Lessons from the IRS


Faculty Focus has an article on Five Lessons Online Faculty Can Learn from the IRS, by Miriam Bowers-Abbott. Skilling does some of these things already, but will do more in the future.

1. Simplify messages, but provide access to detailed information

Skills courses should haveĀ dozens of hands-on exercises. Students can easily lose track of what is due when.

The situation is worse for mastery courses. Students don't just submit-and-forget. They get to resubmit exercises they don't complete the first time around. They have to track their feedback, know which exercises they need to resubmit, and do those as well.

Skilling helps. Here's a screenshot from a site, when logged in as a student:

Exercise status

The timeline on the left shows detailed exercise data. You can see all of the due dates. The symbols tell you about the status of each exercise: not submitted (like Weather), waiting for feedback (e.g., A new dog), etc.

That's too much detail to process at a glance. Let's give a simple message suggesting how students should feel about their progress? Good? Bad? Panicked? It's how they feel that will motivate behavior.

That's what the emoji in the toolbar is for:

Progress emoji

The emoji's expression ranges from ecstatic to panicked, depending on how much the student is ahead or behind in their exercises.

This is the first IRS suggestion at work: Simplify messages, but provide access to detailed information.

2. Promote positive behavior with a signature box

Bowers-Abbott writes:

The IRS has found that online signature boxes improve integrity and accountability...

Skilling doesn't do this yet, but it will. Soon there will be a new widget on the exercise submission form. Students will type in their names, to assert that they are handing in their own work.

Update: Skill does this now.

3. Separate tasks

Bowers-Abbott writes:

In a well-designed online classroom, due dates and deliverables are available in a designated area for students to locate easily and where they will not be lost in a sea of (other data).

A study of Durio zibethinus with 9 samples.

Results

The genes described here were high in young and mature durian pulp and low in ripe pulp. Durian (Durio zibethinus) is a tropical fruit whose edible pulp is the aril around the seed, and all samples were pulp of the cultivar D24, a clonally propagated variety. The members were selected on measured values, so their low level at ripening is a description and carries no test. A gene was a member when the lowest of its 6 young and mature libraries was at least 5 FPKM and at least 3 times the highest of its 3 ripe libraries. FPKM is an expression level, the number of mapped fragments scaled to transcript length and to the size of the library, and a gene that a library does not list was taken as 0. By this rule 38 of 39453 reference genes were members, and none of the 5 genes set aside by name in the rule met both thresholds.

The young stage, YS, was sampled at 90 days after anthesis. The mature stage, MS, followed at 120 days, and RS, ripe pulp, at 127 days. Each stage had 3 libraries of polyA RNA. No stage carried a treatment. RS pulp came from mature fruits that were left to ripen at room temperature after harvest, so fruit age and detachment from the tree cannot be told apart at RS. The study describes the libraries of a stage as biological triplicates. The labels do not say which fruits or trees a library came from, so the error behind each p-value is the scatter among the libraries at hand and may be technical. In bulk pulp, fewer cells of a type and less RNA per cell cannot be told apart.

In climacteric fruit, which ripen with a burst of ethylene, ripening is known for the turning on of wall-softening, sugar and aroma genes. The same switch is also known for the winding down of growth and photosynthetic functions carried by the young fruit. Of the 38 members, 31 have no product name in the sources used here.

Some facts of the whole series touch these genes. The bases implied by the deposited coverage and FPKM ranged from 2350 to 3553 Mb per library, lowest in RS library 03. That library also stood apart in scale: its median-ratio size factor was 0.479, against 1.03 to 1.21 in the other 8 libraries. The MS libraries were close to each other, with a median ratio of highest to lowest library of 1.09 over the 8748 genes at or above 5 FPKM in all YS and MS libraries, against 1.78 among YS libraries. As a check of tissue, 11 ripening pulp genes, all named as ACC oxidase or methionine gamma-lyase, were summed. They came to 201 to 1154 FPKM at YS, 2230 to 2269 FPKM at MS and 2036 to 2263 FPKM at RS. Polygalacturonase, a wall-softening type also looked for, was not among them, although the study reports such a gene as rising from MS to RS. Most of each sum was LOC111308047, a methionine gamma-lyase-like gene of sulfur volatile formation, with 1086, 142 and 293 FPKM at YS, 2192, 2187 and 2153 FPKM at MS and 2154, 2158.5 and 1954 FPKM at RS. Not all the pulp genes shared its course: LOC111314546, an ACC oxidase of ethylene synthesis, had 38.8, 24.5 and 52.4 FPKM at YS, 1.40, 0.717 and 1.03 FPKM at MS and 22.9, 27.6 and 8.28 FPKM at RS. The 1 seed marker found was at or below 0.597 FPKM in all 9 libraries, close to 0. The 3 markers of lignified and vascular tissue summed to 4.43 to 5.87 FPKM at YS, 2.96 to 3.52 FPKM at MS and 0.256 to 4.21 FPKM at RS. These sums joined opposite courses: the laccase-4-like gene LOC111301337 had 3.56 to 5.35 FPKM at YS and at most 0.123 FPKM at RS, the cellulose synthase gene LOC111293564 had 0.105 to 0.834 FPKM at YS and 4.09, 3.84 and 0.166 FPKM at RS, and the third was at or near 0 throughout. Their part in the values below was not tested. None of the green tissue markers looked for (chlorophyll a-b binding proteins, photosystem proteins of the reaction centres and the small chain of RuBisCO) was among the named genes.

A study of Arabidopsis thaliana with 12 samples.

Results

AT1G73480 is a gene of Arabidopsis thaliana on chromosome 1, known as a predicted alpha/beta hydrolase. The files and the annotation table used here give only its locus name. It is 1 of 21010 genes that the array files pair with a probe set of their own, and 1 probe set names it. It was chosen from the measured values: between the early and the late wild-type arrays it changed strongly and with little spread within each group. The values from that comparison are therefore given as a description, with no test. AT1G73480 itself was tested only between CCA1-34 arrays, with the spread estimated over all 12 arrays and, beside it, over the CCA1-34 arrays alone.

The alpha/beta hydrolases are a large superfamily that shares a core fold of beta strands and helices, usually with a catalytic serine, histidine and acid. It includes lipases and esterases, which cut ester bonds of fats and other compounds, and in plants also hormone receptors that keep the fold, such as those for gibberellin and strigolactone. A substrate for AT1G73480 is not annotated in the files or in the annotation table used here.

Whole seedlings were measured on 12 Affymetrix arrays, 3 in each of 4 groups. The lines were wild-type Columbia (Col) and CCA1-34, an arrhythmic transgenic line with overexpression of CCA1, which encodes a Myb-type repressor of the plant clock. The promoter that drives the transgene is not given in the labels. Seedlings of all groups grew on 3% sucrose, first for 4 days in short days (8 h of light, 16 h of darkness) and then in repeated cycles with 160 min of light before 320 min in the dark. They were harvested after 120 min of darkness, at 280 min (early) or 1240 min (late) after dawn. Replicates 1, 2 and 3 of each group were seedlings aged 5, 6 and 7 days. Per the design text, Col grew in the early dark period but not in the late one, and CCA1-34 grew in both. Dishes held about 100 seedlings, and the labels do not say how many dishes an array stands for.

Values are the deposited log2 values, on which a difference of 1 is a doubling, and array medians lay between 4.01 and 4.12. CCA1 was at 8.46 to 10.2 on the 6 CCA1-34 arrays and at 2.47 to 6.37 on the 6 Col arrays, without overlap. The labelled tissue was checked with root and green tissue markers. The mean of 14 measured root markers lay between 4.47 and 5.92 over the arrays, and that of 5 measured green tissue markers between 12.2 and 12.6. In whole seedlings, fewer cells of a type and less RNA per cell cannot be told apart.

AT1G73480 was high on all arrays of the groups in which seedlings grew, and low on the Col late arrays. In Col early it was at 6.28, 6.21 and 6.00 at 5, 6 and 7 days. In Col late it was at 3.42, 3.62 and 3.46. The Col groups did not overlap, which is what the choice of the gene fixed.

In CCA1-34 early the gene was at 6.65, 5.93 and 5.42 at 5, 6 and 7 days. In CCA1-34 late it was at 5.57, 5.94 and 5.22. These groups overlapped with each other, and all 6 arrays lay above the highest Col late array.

The timeline discussed above does that. Another example is the way exercises are shown in lessons. For example:

Exercise display

The exercise has its own visual container. It's labeled as an exercise, a task to be done. There's also a list of all of the exercises in the course.

4. Build a sense of progress towards a goal

Bowers-Abbott writes:

... a well-designed syllabus communicates to students the work that must be accomplished for success and helps keeps them motivated by tracking their progress.

The timeline and emoji help, but Skilling could do better. Maybe a chart showing student submissions over time:

Progress line chart

Although a gauge would be easier to interpret:

Progress gauge

I'm not sure what display would be best, but something will be added to Skilling.

5. Use social norms

Bowers-Abbott writes:

The IRS suggests that issuing reminders that compliance is normal and common ... is an incredibly persuasive tool.

Skilling's characters serve that purpose.

Better skill learning

Bowers-Abbott's article has some useful tips. Using them helps students get more value for their time and money.



I used to feel bad that my math courses weren't helping students. But I have to get the publications, to keep my faculty job.

Now I teach flipped, with a Skilling course I made. I feel much better about teaching, and I have the time to do research.

If you're faculty, you should look into this.

You can help students, and have enough time to get the pubs.



Marcus is right.

Students go into debt to pay our salaries. We should help them learn the skills they need.

We can teach well, and do research, but we have to be systematic about both. Skilling helps you be systematic on the teaching side.

That's the Skilling secret: it helps you be systematic.



I agree with my colleagues. Georgina, Marcus, and I help students learn the skills they want.

Students love us for it, by the way. They see what they're learning.

We get our publications, too...

Hey, wait a minute. Did you just social norm the reader, using three characters?

Yes. Socially-based emotions are powerful, dear reader. (Yes, I'm talking to you.) You may have noticed your emotions over the last few seconds. You may notice them now. Some of you may be angry that I tried to manipulate you (though you might ask yourself why I pointed out the manipulation - so meta!).

Social norms work, whether they are "everyone knows that cheating is OK if you need to pass the course," or "people think that paying your taxes is a good thing," or "people think that universities owe students." Skilling has tools like characters, that can help you influence social norms. Use them, or not. Your choice.